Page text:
Personal Safety and Health for Emergency Responders
As a responder, you put yourself in harm’s way in order to help others. Emergencies can occur at any time, often without warning. While rescue and recovery work can be rewarding, response workers are not immune from the physical and psychological toll of disasters.
In order to respond safely, you must be prepared, and train for your response regularly. If you become sick, injured or are ill prepared during a response, you may actually hinder the rescue effort. If you are a volunteer, you have made a commitment to be ready to respond in an emergency. If you are an employee of a health department, hospital, or clinic, this emergency response may be part of your expectations as an employee.
This course will help the emergency responder understand the types of dangers that may be encountered in a disaster setting, as well as the common injuries and other health impacts that can be sustained during an emergency response. This course will also examine various health and safety preparedness measures a responder may take before, during, and after an emergency.
This course is intended for anyone who might be working or volunteering in disaster response and recovery. This includes volunteer responders such as members of the Medical Reserve Corps (MRC) and Community Emergency Response Teams (CERT). It also includes staff members of public health departments, hospitals, and community health clinics. A econdary audience might be first responders such as police, firefighters, and EMS.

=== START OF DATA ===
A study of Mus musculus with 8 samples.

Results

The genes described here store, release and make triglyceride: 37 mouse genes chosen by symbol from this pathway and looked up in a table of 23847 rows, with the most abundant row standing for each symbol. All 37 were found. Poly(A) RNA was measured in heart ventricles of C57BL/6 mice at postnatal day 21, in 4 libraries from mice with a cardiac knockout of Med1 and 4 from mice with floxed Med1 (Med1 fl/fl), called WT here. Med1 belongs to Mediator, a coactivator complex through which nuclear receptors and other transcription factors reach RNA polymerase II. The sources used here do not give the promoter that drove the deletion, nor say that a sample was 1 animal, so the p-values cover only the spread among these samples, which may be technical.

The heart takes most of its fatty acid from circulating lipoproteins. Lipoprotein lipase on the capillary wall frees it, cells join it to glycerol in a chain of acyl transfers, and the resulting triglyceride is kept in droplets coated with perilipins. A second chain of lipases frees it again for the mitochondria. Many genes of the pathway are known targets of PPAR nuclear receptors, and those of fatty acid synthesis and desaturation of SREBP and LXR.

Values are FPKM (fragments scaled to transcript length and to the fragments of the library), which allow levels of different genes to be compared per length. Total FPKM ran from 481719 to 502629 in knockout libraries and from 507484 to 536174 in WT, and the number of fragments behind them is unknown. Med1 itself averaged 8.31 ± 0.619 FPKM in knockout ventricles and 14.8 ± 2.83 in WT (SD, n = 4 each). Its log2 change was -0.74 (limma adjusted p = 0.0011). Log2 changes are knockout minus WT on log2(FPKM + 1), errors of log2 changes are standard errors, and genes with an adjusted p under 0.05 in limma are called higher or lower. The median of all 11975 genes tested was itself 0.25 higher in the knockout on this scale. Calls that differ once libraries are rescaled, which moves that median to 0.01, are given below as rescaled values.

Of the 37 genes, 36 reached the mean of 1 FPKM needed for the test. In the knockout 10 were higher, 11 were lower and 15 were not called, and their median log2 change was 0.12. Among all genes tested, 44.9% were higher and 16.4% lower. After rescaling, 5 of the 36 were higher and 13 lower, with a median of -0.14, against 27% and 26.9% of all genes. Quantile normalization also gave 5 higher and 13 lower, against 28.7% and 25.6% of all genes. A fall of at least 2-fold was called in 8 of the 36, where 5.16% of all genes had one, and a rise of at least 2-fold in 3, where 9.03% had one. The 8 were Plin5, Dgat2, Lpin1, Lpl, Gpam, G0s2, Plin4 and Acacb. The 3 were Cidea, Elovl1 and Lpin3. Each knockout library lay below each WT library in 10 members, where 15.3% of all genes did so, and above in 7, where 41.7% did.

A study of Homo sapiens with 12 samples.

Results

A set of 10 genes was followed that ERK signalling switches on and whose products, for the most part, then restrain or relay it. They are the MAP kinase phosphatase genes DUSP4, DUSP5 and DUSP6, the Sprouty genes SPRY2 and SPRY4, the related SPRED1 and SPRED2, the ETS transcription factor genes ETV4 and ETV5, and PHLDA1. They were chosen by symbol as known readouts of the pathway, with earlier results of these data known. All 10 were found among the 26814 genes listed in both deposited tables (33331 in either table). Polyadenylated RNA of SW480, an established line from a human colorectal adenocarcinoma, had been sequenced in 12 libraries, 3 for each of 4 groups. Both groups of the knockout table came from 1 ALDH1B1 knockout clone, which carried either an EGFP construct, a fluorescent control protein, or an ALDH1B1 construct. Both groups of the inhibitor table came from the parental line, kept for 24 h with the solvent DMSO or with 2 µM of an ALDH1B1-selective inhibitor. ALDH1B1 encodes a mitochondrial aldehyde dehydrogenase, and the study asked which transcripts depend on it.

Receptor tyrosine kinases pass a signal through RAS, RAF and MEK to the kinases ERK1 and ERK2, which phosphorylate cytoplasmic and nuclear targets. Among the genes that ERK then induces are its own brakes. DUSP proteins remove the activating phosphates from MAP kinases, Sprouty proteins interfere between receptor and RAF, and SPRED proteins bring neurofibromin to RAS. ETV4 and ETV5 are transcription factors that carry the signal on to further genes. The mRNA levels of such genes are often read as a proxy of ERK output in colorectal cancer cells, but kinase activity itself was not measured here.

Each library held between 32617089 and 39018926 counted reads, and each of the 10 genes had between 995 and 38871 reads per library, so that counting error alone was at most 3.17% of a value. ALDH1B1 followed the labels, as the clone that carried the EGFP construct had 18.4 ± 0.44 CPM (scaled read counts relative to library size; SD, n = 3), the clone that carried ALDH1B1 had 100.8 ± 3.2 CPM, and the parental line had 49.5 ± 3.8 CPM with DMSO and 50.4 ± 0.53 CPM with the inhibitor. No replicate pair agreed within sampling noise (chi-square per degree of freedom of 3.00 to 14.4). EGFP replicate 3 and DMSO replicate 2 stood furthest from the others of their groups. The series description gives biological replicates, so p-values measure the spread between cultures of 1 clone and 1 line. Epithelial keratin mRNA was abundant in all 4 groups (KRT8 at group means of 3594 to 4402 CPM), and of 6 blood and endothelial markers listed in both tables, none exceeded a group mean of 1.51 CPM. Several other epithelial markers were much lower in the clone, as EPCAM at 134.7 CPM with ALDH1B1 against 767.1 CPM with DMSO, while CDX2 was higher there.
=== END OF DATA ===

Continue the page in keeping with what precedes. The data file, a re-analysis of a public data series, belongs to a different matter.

Estimated time to complete is 1 hour.
Original course launched August 2010. Updated September 2015
This course is built to XHTML 1.1 specifications. A modern web browser such as Microsoft Internet Explorer or Mozilla Firefox is required to view the pages.
After completing this course, the learner will be able to:
- Identify types of hazards that may be encountered at an emergency scene.
- Describe common injuries that can be sustained during a disaster including physical injuries, chemical exposures, and infectious diseases.
- Understand the psychological impacts of disasters.
- Describe how to prepare and protect oneself before, during and after an emergency response.
Free and open to the public.
This course was written by Kristin Murphy, Web-Based Training Coordinator for the University at Albany, Center for Public Health Preparedness, and Susan Jewell from the University at Albany Professional Development Program. The course is based on materials developed by John L. Silvernail, M.D., MPH, Director, Public Health Emergency Epidemiology, New York State Department of Health, Bureau of Communicable Disease Control and Chief Medical Officer, New York Task Force 2, Department of State, Office of Fire Prevention and Control.